Pineleaf Penstemon flowers
(Photo courtesy of NetPS Plant Finder)
Plant Height: 6 inches
Flower Height: 12 inches
Spacing: 6 inches
Hardiness Zone: 4
Other Names: Beardtongue
Pineleaf Penstemon features delicate spikes of tomato-orange tubular flowers with yellow throats rising above the foliage from late spring to early summer. Its grassy leaves remain dark green in color throughout the season. The fruit is not ornamentally significant.
Pineleaf Penstemon is an herbaceous perennial with an upright spreading habit of growth. It brings an extremely fine and delicate texture to the garden composition and should be used to full effect.
This is a relatively low maintenance plant, and is best cleaned up in early spring before it resumes active growth for the season. It is a good choice for attracting butterflies and hummingbirds to your yard. It has no significant negative characteristics.
Pineleaf Penstemon is recommended for the following landscape applications;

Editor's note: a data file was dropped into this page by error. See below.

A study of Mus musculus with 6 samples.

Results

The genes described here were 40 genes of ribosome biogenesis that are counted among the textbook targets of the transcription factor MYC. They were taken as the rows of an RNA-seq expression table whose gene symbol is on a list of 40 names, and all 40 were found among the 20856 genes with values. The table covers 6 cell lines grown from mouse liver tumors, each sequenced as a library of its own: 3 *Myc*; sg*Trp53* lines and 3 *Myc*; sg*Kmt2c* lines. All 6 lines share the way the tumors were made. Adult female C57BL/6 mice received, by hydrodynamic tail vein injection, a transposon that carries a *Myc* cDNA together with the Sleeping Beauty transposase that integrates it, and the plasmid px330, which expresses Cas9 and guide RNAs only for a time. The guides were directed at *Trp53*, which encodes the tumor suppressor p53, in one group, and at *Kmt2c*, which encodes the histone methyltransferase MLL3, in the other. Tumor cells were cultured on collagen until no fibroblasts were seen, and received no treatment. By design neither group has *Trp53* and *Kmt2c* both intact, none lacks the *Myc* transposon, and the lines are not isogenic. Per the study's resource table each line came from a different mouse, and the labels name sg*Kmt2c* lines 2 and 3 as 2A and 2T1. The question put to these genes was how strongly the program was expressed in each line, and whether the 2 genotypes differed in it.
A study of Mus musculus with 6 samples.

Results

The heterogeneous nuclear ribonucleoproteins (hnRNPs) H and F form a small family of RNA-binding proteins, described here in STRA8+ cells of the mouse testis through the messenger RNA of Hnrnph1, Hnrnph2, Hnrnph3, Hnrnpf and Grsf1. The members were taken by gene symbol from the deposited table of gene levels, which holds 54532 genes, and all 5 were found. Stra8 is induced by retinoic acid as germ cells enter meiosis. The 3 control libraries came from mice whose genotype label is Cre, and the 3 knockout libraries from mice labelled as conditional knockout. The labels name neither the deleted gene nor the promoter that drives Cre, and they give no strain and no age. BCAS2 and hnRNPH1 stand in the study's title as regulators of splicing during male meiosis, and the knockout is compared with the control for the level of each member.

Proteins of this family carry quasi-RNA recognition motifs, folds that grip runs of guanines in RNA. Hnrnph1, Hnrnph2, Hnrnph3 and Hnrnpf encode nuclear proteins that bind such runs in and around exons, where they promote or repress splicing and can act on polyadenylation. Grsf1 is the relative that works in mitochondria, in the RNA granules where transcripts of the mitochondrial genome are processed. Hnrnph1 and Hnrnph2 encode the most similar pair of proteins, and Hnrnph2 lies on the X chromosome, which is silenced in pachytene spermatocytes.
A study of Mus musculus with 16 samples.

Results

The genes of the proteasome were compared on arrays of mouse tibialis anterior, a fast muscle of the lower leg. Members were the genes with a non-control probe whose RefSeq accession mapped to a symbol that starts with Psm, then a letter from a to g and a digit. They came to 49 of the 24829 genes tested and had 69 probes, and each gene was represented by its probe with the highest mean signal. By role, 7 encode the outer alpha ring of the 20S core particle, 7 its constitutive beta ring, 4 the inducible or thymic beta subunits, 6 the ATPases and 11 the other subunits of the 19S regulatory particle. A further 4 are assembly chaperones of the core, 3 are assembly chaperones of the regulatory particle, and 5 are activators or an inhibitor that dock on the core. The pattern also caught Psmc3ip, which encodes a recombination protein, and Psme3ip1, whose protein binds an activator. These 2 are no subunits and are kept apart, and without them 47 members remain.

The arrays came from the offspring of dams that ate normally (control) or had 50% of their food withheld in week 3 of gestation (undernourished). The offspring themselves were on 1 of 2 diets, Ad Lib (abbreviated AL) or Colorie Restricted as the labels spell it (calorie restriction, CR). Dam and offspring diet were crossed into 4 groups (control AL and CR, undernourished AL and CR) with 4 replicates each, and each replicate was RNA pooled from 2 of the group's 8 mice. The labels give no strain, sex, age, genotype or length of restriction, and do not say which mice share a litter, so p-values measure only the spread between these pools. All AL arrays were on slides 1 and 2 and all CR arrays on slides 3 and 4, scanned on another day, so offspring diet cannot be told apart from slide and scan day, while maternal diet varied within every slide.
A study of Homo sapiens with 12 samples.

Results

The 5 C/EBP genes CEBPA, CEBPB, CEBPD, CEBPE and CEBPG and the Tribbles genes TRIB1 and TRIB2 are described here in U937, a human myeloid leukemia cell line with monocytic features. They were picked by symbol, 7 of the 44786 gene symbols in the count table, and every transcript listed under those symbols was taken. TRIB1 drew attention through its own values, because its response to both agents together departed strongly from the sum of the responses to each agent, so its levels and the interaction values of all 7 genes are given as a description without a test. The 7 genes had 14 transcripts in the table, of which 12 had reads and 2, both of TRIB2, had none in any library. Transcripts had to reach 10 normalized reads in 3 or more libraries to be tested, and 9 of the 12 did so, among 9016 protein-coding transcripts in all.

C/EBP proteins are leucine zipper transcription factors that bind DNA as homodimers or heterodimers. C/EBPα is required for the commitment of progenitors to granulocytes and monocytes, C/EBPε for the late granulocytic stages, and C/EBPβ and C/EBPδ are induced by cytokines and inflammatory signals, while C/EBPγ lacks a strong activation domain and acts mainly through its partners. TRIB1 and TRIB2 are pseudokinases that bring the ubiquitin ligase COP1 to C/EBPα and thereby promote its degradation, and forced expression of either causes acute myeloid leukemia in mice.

Planting & Growing
Pineleaf Penstemon will grow to be only 6 inches tall at maturity extending to 12 inches tall with the flowers, with a spread of 8 inches. When grown in masses or used as a bedding plant, individual plants should be spaced approximately 6 inches apart. It grows at a fast rate, and under ideal conditions can be expected to live for approximately 10 years.
This plant should only be grown in full sunlight. It prefers dry to average moisture levels with very well-drained soil, and will often die in standing water. It is not particular as to soil type or pH. It is quite intolerant of urban pollution, therefore inner city or urban streetside plantings are best avoided. This species is native to parts of North America. It can be propagated by division.
Pineleaf Penstemon is a fine choice for the garden, but it is also a good selection for planting in outdoor pots and containers. It is often used as a 'filler' in the 'spiller-thriller-filler' container combination, providing a mass of flowers against which the larger thriller plants stand out. Note that when growing plants in outdoor containers and baskets, they may require more frequent waterings than they would in the yard or garden.